Friday, 24 August 2012

Letters After My Name

Sun sets over Anglesey

I’ve got a familiar feeling, sitting on a train with heavy luggage at an unsociable hour, travelling the breadth of the country. As a student, I’m used to it; multiple changes and delays. But this time it’s different, because I just passed my Summer ML assessment after a week in North Wales. Satisfaction, pride and wonderment fill my head… Completing my Mountain Leader award ends a chapter for me that lasted two and a half years – logging ‘Quality Mountain Days’ and developing 'skills' – but it raises more questions than it does answers. What to do next? When you’re two-thirds of the way through a broad yet uninspiring environmental degree, with no concrete plan post university except for travelling (more about that soon), such questions inevitably rear their head.

The Summer Mountain Leader award is a national qualification for outdoor instructors and youth leaders, which requires a training course, consolidation period of about 12 months and five day assessment. Although the main test is navigation and leadership in the hills, it also challenges your scrambling, ropework, management of mountain hazards and environmental knowledge, among other things. Successful candidates become qualified to lead groups in the UK mountains during summer conditions.

The view from PYB; Snowdon in the distance

Thankfully with a bursary from JBMF, I booked onto the five day assessment at Plas Y Brenin in the heart of Snowdonia National Park. As the National Mountain Centre, it's a hub for outdoor training, expertise and gear development. In my assessment group for the week was an unlikely mix of candidates - climbers and walkers, different backgrounds [teacher, student, scout leader, hillwalker], different strengths and weaknesses, very different personalities - but all of us wanted the same badge. And all of us kept up the same friendly banter. Only three out of four in my group passed. Although, a deferral is no bad thing. It's like failing your driving test for the first time, you come back for the second test as a more experienced and all round better driver, or hillwalker.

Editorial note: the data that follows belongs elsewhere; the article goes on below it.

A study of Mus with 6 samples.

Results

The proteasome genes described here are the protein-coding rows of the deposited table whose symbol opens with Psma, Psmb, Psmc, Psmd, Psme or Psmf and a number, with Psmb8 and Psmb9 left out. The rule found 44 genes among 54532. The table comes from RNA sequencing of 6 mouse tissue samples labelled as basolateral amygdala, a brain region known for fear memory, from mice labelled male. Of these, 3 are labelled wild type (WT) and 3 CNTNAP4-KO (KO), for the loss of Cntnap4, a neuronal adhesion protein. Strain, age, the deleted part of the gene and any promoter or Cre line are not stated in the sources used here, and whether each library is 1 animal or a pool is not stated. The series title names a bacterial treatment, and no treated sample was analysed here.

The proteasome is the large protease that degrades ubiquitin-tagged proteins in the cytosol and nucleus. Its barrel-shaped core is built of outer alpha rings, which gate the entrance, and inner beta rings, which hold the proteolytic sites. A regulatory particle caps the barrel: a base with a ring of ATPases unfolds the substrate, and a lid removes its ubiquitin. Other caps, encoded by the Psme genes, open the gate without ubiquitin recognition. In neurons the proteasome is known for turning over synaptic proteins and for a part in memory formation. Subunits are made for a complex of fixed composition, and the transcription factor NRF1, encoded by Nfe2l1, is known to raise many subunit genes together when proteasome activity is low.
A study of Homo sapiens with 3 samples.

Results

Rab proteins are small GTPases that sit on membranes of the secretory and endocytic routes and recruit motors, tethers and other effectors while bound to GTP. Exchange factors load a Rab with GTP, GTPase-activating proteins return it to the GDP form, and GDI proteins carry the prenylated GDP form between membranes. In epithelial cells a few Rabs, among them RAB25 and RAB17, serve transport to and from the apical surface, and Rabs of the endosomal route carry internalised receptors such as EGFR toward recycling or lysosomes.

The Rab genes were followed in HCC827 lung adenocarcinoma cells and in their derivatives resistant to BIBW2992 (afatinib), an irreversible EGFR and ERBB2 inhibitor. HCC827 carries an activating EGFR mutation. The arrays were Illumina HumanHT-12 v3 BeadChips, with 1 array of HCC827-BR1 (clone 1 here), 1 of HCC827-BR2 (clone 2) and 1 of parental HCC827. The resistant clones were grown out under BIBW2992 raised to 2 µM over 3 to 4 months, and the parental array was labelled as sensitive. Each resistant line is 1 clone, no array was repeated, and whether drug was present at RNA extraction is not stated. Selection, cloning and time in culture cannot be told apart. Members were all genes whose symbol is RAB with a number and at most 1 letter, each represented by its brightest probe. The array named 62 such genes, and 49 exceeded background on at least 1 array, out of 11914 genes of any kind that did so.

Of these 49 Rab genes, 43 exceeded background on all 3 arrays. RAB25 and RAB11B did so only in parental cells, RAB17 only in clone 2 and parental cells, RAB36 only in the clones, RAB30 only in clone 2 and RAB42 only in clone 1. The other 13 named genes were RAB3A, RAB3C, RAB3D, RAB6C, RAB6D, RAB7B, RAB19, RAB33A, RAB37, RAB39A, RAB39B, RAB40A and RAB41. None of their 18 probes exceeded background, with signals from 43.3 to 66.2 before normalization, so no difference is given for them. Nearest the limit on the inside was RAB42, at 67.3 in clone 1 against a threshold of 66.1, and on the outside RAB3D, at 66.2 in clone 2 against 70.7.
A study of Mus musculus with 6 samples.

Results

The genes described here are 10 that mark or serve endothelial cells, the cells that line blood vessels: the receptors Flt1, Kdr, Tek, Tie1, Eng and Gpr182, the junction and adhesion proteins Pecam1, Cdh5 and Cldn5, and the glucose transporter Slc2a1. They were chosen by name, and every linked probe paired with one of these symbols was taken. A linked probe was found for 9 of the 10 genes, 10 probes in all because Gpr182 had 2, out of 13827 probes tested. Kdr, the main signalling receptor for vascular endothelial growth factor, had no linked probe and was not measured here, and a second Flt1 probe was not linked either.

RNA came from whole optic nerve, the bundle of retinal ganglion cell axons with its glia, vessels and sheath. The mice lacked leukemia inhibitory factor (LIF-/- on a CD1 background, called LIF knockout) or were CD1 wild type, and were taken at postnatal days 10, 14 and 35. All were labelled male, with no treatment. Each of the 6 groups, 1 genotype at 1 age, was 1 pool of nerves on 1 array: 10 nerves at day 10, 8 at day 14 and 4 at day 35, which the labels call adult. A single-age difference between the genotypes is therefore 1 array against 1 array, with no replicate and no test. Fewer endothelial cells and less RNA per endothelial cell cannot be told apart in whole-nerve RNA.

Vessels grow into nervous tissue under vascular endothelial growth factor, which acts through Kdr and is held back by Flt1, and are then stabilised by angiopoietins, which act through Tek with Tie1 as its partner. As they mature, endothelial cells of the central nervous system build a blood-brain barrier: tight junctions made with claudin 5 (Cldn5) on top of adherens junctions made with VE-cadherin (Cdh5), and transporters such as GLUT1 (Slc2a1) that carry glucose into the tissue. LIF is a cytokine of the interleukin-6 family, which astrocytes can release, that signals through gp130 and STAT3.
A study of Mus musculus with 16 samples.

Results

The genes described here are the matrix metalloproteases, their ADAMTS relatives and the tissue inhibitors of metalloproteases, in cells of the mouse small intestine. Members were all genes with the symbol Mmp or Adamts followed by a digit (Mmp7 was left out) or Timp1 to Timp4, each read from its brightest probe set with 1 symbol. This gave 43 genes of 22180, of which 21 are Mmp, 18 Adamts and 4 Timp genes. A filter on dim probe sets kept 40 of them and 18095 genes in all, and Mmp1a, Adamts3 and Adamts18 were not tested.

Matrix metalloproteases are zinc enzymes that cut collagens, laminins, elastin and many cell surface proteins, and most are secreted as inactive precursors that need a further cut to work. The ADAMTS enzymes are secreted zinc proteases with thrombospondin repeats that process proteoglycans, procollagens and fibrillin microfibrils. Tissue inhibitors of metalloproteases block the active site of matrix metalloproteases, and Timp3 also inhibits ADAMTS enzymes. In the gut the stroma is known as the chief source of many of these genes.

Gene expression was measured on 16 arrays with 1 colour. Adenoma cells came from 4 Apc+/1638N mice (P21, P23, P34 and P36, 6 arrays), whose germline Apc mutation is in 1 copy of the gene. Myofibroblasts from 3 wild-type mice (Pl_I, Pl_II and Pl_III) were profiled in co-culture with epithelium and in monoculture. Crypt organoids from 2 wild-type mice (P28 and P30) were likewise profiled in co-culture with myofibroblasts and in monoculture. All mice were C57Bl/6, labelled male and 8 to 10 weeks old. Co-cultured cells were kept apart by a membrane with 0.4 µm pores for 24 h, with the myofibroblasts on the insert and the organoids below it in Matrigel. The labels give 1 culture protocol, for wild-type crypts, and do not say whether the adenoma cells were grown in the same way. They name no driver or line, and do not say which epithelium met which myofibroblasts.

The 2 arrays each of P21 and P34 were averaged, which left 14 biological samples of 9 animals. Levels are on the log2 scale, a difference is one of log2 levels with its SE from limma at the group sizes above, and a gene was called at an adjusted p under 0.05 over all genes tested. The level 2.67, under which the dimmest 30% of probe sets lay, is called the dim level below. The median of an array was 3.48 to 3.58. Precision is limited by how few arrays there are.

We were lucky in that it stayed dry for the week, leading new routes up Moel Siabod, Glyder Fawr and around the base of Snowdon. The night navigation exercise was testing but not overly difficult, searching for boulders and streams around Cwm Clogwyn in the dark. The ropework practical (to climb or abseil down rock steps using just a rope and no gear) required some improvised anchor selection and lots of rope faff, but I got a thumbs up from our assessor. I can't forget the insane friction of my South African abseil and the rope burn I endured in the process. The point is that I completed the job safely, so who cares about style.

Glyder Fach on the skyline
Wild camp at Llyn Du'r Arddu

Interestingly, the ML assessment was not as rigorous as we’d expected. What they’re really looking for is that you operate safely in the hills with the head and confidence of a mountain leader across the five days. Individual errors in navigation or route finding on steep ground for example, can be discounted against the overall picture. So the ML syllabus retains depth and breadth, while the assessment itself is more about quality testing the finished product. Never have I witnessed such competition to name the well-trodden bog-living moss plant aside the path, or to be the first to explain the 'symbiotic relationship' of lichen organisms. If you don't know what I'm talking about, get a copy of Mike Raine! And for any budding ML candidates out there, good luck, and get logging your mountain days!